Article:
There is also a whole floor dedicated to cell phones and cell phone paraphernalia. The top floor has a huge arcade on it, as well as a cheap movie theater with "VIP" seats that look more like lazyboys. Nice. Haggling is expected in the stores, but it wasn’t hardcore, or at least it wasn’t in the real stores. The kiosk vendors were more desperate for sales and the prices could be driven down substantially. There are a few Western chains, but there’s no deals to be had there – for example, Body Shop was about 20-30% more expensive then in the US.
If you get bored of the MBK Center, there are a few other shopping complexes that you can walk to from there – there’s a bunch of them clustered in this one area of the city. But from what we saw, MBK was the biggest and most interesting.
Thai Food Court How-ToGuestimate how much you want to spend at the food court. Walk up to the cashier and buy "coupons". You then exchange these for food at the individual serving stalls. When you’re done, you can exchange any remaining coupons back for cash.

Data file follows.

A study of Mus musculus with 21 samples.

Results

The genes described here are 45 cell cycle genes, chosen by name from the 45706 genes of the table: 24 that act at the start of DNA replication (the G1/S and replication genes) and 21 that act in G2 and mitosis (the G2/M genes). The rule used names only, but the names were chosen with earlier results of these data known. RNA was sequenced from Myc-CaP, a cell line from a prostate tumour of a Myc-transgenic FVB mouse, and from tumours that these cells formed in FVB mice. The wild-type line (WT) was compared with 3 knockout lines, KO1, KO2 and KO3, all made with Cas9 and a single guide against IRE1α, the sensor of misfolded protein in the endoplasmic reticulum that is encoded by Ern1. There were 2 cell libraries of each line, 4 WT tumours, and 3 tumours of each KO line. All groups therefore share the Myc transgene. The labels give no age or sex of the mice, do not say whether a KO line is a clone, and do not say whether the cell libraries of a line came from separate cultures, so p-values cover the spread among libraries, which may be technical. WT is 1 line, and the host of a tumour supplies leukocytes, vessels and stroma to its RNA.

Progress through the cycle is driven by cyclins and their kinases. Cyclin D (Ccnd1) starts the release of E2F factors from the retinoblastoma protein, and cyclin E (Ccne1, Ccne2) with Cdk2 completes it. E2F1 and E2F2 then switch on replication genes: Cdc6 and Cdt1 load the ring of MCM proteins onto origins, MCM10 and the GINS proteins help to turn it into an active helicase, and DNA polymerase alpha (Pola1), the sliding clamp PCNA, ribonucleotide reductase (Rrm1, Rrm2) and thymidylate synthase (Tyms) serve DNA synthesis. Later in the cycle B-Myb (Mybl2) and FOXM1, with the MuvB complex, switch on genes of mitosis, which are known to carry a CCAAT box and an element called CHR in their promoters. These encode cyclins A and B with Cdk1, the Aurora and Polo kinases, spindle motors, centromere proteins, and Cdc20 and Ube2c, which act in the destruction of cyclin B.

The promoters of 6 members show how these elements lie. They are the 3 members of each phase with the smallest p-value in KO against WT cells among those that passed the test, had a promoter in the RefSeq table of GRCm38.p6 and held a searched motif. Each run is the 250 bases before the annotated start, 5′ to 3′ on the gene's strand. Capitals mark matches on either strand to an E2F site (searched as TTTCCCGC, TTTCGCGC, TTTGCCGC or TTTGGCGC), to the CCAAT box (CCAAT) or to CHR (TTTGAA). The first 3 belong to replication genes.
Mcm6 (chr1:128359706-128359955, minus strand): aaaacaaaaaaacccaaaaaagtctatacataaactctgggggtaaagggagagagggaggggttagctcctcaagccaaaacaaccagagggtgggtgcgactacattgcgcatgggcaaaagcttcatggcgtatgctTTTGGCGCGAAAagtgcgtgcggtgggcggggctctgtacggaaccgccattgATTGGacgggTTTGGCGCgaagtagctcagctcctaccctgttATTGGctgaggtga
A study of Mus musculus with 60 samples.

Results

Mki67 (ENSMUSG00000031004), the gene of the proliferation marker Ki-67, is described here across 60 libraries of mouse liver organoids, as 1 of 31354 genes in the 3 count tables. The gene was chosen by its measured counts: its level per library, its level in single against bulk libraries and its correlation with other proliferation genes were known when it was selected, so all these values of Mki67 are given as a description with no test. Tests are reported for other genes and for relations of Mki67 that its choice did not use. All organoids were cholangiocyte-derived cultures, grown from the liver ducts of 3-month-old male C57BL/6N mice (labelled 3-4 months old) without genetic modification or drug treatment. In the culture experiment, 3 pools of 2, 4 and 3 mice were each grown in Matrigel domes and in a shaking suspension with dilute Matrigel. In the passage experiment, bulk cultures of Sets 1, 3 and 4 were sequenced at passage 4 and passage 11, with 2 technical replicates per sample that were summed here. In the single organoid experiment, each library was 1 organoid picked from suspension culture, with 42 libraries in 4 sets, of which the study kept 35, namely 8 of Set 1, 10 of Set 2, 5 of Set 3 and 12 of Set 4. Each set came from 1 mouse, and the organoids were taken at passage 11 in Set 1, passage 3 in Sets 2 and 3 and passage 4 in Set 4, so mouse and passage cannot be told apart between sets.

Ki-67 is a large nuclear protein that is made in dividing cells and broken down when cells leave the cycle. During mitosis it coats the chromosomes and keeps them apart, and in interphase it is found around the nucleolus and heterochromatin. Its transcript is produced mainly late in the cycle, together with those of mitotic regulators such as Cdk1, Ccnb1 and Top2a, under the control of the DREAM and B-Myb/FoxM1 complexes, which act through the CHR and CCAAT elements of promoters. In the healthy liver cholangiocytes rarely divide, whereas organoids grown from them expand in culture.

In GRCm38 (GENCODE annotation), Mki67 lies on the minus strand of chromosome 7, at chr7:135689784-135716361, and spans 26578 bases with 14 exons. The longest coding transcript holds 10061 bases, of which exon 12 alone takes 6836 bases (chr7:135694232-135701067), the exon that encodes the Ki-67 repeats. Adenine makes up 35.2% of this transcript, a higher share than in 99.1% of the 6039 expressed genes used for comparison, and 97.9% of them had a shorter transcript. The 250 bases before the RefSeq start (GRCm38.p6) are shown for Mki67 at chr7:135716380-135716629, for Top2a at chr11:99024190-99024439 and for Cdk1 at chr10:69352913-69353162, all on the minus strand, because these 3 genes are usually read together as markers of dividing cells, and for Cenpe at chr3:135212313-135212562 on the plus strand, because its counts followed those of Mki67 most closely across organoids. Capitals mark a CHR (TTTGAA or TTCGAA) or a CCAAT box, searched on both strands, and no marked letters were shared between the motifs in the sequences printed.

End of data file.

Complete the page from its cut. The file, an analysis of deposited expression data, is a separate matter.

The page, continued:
Do not do what we did, which was mainly to stumble around looking lost. No one we could find spoke English and explain the system to us. So we assumed that it would work like a cafeteria back home: you get your plates, and bring it up to the cashier to pay.
Well, in typical overly generous Thai fashion, the food vendors gave us what we wanted without coupon payment, assuming we would eventually figure it out. Which we did, thanks to a nice Thai student who explained the whole thing to us in perfect English.